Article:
On gimpy knees


So much hinges on the knee. 


During our move to the new house, I did something to offend my right knee. I don’t know if it was something I said or did, but it has been complaining day and night for about a week. After several particularly heated arguments, I tried cooling it down with ice. That worked for a while. Various creams and gentle massaging have helped, too.




My knees never used to be so touchy. We traveled everywhere together; my silent partners who helped my thighbones and shank bones stay connected. I admit I complained about their shape for years. I’ve never had shapely legs, and even though I’m not overweight, my knees are pudgy.



I searched online to find out more about cranky knees and discovered I have at least 8 or 9 serious joint/ligament/cartilage/bone diseases, syndromes, and conditions. I should know better than to use Google as a diagnostic tool, but I can’t help myself. Unlike my knees, I’m slightly unhinged.



Ever since the right knee started whining, I’ve been expressing how grateful I am for my legs and for my knees in particular. Without them I would never have been able to skate around the block as a little girl, pigtails flying and both knees skinned up by the cracks that caught the wheels and brought me down.  I would have missed getting up on the dance floor to do the Twist, the Watusi, the Pony, and the Mashed Potato. And how else would I have been able to roll out of bed at 3 a.m. for a crying child who found sleep again only as I paced and hummed across the living room floor? These legs with their pudgy knees hiked up the 300 steps of the Sacre-Couer Basilica after a day of sightseeing just to delight my two eyes with a panoramic view of Paris and never complained when I then asked them to take me up the 284 steps to the top of the Arc de Triomphe. Across streets, up and down stairs, on concrete walkways, over dirt paths, atop tiled and wooden floors, and through yards of green grass, my legs and knees have shown me 10,000 miles or more of our sun-warmed world. So perhaps a little complaining is to be expected.



This morning the right knee hasn’t said much. I’ve been much kinder to it this week, so perhaps that helped. I hope Google and my imagination are wrong about all those knee ailments, but I’ve passed into the land where the traveler is often waylaid by disease and deterioration. From here, it’s hard to tell if the road ahead leads upward, downward, or stays flat. I’m counting on my knees, gimpy or otherwise, to get me to my destination.



Photo courtesy of AKha


21 thoughts on “On gimpy knees

  1. Yes, I have reached an age where my knees are strictly for walking!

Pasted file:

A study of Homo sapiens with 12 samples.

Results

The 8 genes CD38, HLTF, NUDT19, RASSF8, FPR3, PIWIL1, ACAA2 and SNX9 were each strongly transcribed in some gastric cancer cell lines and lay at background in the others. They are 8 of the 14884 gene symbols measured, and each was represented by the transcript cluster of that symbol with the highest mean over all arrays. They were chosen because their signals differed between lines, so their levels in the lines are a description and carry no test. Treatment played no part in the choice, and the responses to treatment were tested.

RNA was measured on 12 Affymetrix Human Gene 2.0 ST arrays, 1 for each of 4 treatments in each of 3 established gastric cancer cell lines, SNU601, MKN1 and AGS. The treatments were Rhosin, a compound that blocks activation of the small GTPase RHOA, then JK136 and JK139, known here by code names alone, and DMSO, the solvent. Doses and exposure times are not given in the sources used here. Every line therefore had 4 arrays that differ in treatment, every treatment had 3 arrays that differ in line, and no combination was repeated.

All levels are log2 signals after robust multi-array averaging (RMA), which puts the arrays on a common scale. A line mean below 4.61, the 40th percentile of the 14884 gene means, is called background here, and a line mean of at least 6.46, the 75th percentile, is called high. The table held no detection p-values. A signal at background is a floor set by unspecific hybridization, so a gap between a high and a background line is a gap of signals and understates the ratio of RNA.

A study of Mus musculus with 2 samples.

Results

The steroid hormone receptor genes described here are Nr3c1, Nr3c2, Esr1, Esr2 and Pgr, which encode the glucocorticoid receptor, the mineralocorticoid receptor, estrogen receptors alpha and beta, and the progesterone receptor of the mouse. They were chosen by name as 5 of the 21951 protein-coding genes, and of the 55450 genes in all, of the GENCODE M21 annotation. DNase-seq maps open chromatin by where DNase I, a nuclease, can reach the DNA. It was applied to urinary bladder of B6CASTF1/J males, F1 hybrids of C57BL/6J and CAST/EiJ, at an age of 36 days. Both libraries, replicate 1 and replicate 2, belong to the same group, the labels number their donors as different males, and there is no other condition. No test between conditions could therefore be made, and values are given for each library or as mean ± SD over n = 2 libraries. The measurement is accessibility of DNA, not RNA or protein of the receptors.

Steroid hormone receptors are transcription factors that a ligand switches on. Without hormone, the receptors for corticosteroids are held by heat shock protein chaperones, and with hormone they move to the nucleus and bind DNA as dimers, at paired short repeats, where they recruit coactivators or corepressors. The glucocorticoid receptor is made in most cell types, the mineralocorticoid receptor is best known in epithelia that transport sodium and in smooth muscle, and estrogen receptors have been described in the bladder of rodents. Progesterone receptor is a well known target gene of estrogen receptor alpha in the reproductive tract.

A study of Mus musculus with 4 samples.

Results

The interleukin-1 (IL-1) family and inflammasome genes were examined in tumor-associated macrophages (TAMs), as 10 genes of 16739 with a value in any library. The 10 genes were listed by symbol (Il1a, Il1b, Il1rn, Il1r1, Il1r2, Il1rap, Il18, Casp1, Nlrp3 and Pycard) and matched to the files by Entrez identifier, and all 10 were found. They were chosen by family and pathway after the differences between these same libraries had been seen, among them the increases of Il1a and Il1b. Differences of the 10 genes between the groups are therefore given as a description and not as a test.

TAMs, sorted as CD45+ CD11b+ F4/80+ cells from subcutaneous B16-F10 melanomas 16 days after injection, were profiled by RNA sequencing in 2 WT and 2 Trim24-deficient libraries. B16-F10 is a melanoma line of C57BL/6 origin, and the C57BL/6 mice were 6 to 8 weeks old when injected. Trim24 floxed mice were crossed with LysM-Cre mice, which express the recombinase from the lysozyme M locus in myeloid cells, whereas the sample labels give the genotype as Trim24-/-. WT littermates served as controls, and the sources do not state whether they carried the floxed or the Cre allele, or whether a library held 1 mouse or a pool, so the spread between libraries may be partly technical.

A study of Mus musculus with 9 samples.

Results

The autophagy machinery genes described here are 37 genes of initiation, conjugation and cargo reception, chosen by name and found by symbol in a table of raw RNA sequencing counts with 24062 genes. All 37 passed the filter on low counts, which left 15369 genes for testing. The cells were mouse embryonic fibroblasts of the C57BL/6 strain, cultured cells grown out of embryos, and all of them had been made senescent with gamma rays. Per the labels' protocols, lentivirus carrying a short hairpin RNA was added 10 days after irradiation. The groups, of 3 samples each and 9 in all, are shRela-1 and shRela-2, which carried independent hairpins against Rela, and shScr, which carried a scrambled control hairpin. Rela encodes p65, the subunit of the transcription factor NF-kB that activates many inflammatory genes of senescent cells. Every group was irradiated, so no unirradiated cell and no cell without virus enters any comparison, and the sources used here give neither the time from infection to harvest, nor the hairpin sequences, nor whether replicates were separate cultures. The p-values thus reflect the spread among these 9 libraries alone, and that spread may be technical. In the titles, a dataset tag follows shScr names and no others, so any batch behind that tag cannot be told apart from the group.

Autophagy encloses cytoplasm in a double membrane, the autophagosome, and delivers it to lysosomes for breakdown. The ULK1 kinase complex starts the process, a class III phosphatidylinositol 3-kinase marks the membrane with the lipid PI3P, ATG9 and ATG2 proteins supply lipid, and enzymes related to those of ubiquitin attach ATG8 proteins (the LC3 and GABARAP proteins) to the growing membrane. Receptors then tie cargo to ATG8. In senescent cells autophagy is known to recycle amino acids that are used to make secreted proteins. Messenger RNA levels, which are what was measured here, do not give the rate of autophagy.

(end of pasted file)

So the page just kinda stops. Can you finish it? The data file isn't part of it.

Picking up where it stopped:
Stay away from google.
    I googled my blocked salivary gland…big mistake…when they started talking about tumours I rushed straight out of there!

  2. Be kind to your knees. After I was hit by a car with a resulting plateau fracture to my left tibia that required surgery and three screws to repair, I find kneeling excruciating–the joint is now fine but the nerves got seriously confused and offended and when they hit a solid surface they send alarm signals so urgent that I’ve stopped trying. Not to mention the shift in center of gravity that has accompanied the various body redistributions of middle age, making getting down and getting up rather more challenging anyway….. Here’s what I’ve learned: you don’t have to be Catholic (I’m not) to find not-kneeling Hell. You need those overworked and underpaid joints! Massage them, fish-oil them, heat and cool them, and most of all let them know you appreciate all their faithful service–let them read this wonderful blog!

  3. I’m sharing sympathy pains. It’s my right foot that’s kept me off the jogging and walking trail for over a month. I am certain it must be a life-threatening disease, but I’ve not worked up the courage to get a doctor to confirm my diagnosis. I wear soft shoes and complain instead.

    • I need to get back to my walking now that my knee and I have stopped complaining. I’m sure there’s some medicinal value in complaining. I complained and now my knee is better!

  4. Though it was years ago, I still remember my last move from one home to the next. As the movers were taking a beautiful wooden table down a staircase, I observed a leg fly off the table. Seeing my face turn pale, they laughed and said, ‘don’t worry, we can glue it back on’. Of course when it comes to our own person, especially as the years go by, it’s harder to recover, but I wish you a speedy recovery.

  5. Now that I have one knee replaced and the other rapidly deteriorating toward joining it, I can fully appreciate good knees. Take care of yours. They are squeaking for a reason!

  6. I don’t know if you prefer homeopathic remedies, but I would highly recommend the Old Goat joint pain remedy from The Vermont Country Store — very effective and all natural ingredients such as peppermint, pepper, eucalyptus, etc. I use it on my neck and shoulder so I don’t smell like a 90 year old by using Ben-Gay. It’s an excellent topical pain reliever. There’s also Spring Chicken body rub which is like an Icy Hot kind of thing that smells like cinnimon and is pretty good as well. And if you just need to take a bath to unwind, you can’t beat the Tired Old Ass bath salts.

  7. Dealing with a cranky knee is tricky business. To walk on it or rest it, to ice it or heat it, to flex it or keep it still…what’s a body to do? I think everyone is different and you will find your way through to your old happy knee self again. I myself find that gentle yoga stretches is the magic formula for me. Be well.

    • Thank you for stopping by to read and comment. I’m glad you liked the photos.

      Thankfully my knee has quieted down and hasn’t complained for weeks. In the past I did take glucosamine for a sore knee and it seemed to help.